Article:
How to Determine Which Investors to Follow

November 17, 2012 — Leave a comment

In the financial industry, we all piggyback on each other. Most of us listen to the market predictions and “how-to” information of others. Most investors and traders follow and pay attention to other investors – my list includes the likes of Jim Rogers, Jack Welch (who has a deep understanding of the economy), Jeremy Grantham, etc. So how does one determine which people to follow and pay attention to?

He or She Must Be Qualified

Obviously, he or she must be qualified to make the statement he or she does in order for you to pay attention to her. There’s no point in following someone who:

  1. Does not have relevant data and information to back up his or her claims. These kinds of people usual depend upon emotional words (not concrete data) to support their opinions. Stay away from emotion in finance and stick to soundly supported reasoning.
  2. Just because someone has a Harvard Business School education doesn’t mean he or she is “qualified” to make opinions that you should listen to. In the investment industry, the ONLY THING that matters is one’s track record – if the speaker is talking but doesn’t have decent returns to show for it, there’s no point in following someone who’s opinions, when expressed through investments, are invalid.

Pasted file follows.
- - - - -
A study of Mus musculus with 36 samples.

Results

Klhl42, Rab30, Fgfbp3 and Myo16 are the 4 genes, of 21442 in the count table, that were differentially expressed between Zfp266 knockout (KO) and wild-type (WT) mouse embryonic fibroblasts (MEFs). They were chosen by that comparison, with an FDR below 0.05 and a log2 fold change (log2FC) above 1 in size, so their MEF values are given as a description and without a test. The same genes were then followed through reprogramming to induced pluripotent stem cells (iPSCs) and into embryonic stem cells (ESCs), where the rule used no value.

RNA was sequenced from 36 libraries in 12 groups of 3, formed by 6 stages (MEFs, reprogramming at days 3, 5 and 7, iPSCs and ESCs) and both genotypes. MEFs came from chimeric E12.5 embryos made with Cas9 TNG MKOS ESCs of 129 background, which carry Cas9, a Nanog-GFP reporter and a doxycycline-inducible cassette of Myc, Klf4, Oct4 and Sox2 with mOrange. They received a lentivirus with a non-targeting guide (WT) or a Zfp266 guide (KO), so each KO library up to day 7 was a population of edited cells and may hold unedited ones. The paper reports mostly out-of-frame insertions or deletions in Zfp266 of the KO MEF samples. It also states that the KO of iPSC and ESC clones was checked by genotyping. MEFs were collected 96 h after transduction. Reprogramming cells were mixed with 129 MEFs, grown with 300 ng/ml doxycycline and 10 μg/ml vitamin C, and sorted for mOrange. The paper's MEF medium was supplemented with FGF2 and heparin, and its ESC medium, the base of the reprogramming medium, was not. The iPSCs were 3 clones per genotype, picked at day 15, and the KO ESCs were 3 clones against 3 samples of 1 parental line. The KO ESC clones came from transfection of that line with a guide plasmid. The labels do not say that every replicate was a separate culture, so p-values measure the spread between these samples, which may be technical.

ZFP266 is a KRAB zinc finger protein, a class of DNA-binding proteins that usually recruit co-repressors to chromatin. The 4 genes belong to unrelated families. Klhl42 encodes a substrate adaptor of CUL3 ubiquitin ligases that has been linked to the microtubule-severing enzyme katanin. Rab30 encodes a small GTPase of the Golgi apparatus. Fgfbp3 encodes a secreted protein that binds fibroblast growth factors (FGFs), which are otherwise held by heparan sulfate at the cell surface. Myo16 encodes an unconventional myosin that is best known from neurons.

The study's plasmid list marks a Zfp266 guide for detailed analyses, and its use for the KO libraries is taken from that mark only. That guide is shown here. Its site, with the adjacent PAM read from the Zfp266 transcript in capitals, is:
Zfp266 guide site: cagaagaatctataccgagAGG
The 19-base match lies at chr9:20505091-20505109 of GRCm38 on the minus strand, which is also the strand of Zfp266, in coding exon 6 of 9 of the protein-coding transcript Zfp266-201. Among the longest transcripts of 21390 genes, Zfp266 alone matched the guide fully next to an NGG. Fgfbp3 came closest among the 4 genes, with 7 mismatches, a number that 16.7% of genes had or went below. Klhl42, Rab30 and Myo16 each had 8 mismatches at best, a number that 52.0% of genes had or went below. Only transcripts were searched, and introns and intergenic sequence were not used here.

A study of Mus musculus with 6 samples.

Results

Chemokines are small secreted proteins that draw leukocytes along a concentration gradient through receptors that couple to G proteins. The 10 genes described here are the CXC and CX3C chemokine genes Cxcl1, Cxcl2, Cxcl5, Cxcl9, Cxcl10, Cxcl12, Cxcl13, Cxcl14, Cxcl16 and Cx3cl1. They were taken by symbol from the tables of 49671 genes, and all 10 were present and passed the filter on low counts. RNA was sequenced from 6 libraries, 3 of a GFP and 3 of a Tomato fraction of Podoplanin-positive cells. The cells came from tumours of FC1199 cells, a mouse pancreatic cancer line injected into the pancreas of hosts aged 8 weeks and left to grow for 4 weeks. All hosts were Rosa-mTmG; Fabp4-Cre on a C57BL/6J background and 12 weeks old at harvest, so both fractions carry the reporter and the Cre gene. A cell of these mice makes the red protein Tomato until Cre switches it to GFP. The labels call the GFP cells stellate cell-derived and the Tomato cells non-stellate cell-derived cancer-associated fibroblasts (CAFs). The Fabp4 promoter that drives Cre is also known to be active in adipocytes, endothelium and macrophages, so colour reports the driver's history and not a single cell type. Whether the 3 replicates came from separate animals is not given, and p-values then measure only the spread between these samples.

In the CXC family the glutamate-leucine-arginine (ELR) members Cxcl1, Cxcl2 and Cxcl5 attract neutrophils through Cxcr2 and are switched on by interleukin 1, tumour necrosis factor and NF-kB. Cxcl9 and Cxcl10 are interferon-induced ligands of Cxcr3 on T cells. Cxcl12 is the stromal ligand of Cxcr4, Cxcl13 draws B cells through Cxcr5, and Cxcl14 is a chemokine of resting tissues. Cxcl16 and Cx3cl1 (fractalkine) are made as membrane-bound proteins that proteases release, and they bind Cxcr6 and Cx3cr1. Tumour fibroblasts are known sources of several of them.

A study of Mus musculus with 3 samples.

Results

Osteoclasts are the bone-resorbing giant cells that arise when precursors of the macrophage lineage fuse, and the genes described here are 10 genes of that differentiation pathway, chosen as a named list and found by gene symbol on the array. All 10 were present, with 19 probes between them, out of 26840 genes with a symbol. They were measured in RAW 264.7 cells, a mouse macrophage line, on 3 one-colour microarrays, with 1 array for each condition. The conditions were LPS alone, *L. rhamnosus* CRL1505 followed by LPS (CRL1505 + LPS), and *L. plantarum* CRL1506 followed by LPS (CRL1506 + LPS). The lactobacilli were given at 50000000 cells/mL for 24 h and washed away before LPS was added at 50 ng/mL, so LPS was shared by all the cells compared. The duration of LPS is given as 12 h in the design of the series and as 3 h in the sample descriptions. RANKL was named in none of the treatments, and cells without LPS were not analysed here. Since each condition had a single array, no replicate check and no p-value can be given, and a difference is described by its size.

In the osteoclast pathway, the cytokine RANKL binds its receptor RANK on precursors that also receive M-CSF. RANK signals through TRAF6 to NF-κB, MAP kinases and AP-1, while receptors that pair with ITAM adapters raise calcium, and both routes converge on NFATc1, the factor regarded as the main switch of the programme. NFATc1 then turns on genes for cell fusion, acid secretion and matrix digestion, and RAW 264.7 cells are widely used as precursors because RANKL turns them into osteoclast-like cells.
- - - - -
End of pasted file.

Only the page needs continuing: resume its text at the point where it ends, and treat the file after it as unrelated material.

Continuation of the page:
Pay Attention To Different People For Different Reasons

I pay attention to different people for (and ONLY for) different subject matters. For example, I follow Jim Rogers because he’s great at identifying long term trends and confirming whether or not a trend is over. His investment track record has proven this (once again, going back to the idea that “you should only follow someone who is qualified to make his or her opinion”). However, I do not use Jim Rogers to aid my view on how politics will affect the economy and stocks – something I follow Jeremy Grantham for. Likewise, I follow Jack Welch for accurate, non-governmental information about the fundamentals of the economy, something that no one else has because Welch (former CEO of GE) has many connections in the business world.

My point is, follow certain people ONLY for their area of expertise – when it comes to stuff that’s not their area of expertise, I try to stay away from those opinions.

When It Comes to Investors and Traders, Make Sure His or Her Time Frame Is The Same As Yours

I forgot to mention another person that I follow: Cullen Roche. I follow Cullen purely for his opinion on the future direction of the markets. When it comes to following other traders and investors, MAKE SURE that his or her investment time frame is the same as yours. For example, I usually make 3 investments a year, holding onto those investments for an average of 1 month. This is also exactly what Cullen Roche does – hence, his market prediction fits into my investment time frame. However, someone who makes 10 investments a year and holds onto each of them for 6 months wouldn’t help me simply because our time frames are different. Timing is everything.